SAN ANTONIO — The horn shark "Miss Helen" stolen from the San Antonio Aquarium last month will return to its normal display on Saturday, according to the general manager.
Miss Helen is eating again as of Friday night. The horn shark was struggling to maintain an appetite for some time after she was stolen.
Shift Supervisor Sarah Hernandez is primarily in charge of overseeing Miss Helen throughout her recovery.
"Definitely initially she wasn't very active at all," Hernandez said. "She was kind of in the same spot. Her color was a little off and so now her color is back and she's more active, so that's promising for us."
She said that horn sharks can survive at least two weeks without eating. She said if this continues, the next step is to call in a veterinarian.
"We've been trying multiple times a day with multiple different food types," Hernandez noted. "It generally takes them a little while, sometimes up to two weeks, after going through something like that to get back on a regular diet, so we're not super concerned at this point. We're still going to give her time to adjust to see if she settles in a little more if she will eat for us."
Anthony Shannon, the man accused of stealing the shark on Saturday was charged with felony theft. Shannon spoke exclusively to KENS 5 and said that he was trying to save the shark.
An online petition on Care2.com asking the aquarium to close its touch pool has over 24,000 signatures. The petition came about after the shark was taken from the pool.
The petition claims that touch pools are "stressful for animals" and can cause injury or death to the sea life. The petition asks the San Antonio Aquarium to close the interactive touch pool on the premise that guests don't need to be able to touch the animals to appreciate them.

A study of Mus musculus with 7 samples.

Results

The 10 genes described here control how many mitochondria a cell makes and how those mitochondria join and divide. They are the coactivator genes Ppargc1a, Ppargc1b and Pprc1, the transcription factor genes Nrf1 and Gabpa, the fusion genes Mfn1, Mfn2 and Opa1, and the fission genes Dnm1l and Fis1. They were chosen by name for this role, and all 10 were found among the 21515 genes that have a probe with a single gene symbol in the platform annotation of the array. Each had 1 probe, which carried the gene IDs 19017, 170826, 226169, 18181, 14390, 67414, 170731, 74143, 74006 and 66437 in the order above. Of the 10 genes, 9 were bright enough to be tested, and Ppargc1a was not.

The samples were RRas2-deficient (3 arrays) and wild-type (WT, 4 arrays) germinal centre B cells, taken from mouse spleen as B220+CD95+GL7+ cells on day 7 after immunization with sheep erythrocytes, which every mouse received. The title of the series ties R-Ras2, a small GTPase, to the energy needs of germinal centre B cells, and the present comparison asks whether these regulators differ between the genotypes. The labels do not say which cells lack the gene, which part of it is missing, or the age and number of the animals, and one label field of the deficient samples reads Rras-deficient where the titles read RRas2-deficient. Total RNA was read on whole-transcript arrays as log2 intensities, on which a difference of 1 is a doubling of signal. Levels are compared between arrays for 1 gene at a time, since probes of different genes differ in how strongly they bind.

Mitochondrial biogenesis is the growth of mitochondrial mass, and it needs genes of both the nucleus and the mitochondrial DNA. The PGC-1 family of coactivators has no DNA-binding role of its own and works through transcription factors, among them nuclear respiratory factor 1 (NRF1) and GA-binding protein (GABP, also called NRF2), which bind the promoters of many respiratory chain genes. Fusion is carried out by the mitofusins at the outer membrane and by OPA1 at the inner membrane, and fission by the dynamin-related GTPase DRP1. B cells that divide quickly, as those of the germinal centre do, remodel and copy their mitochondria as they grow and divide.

The San Antonio Aquarium released a response to the petition:
We share our planet with millions of species of animals, many of which are threatened or endangered due to climate change, pollution, urban development, or a variety of other man made factors. Coral reefs are disappearing. Salamanders in Appalachia are shrinking. People killed an estimated 100 million sharks in 2017, far exceeding the number where populations can recover.
At the San Antonio Aquarium, we live by the quote by Baba Dioum "In the end, we will conserve only what we love; we will love only what we understand and we will understand only what we are taught". We recognize that there is a huge problem happening in our world and things can only be improved through changes to the way we live our lives such as recycling, environmental protection laws, and learning respect, instead of fear, for many species.
Our mission is to inspire the younger generation of ocean explorers and conservationists through education and a shared experience with live animals. With over 8,000 living animals representing habitats from the Oregon shores to remote Indonesian Islands, our hope is to instill respect and awe for our rich natural resources.
In order to continue our works, we have to give the animals the highest quality of care. We do regular water testing, provide restaurant quality food for our animals, and work closely with and follow recommendations of veterinarians. We also monitor animal health and wellbeing throughout the day and give any animal who is not interested in interacting with the public its space, which does not happen often as our animals seem to enjoy the attention. Due to this, we have a very low animal mortality rate which is a great indicator that our animals are well taken care of. Another indicator of healthy, happy animals is our high birth rates in our breeding programs.
We find that many more people are inspired after being able to physically interact with the animals and would like to invite anyone who questions their care and wellbeing to come out to our aquarium and check it out for themselves.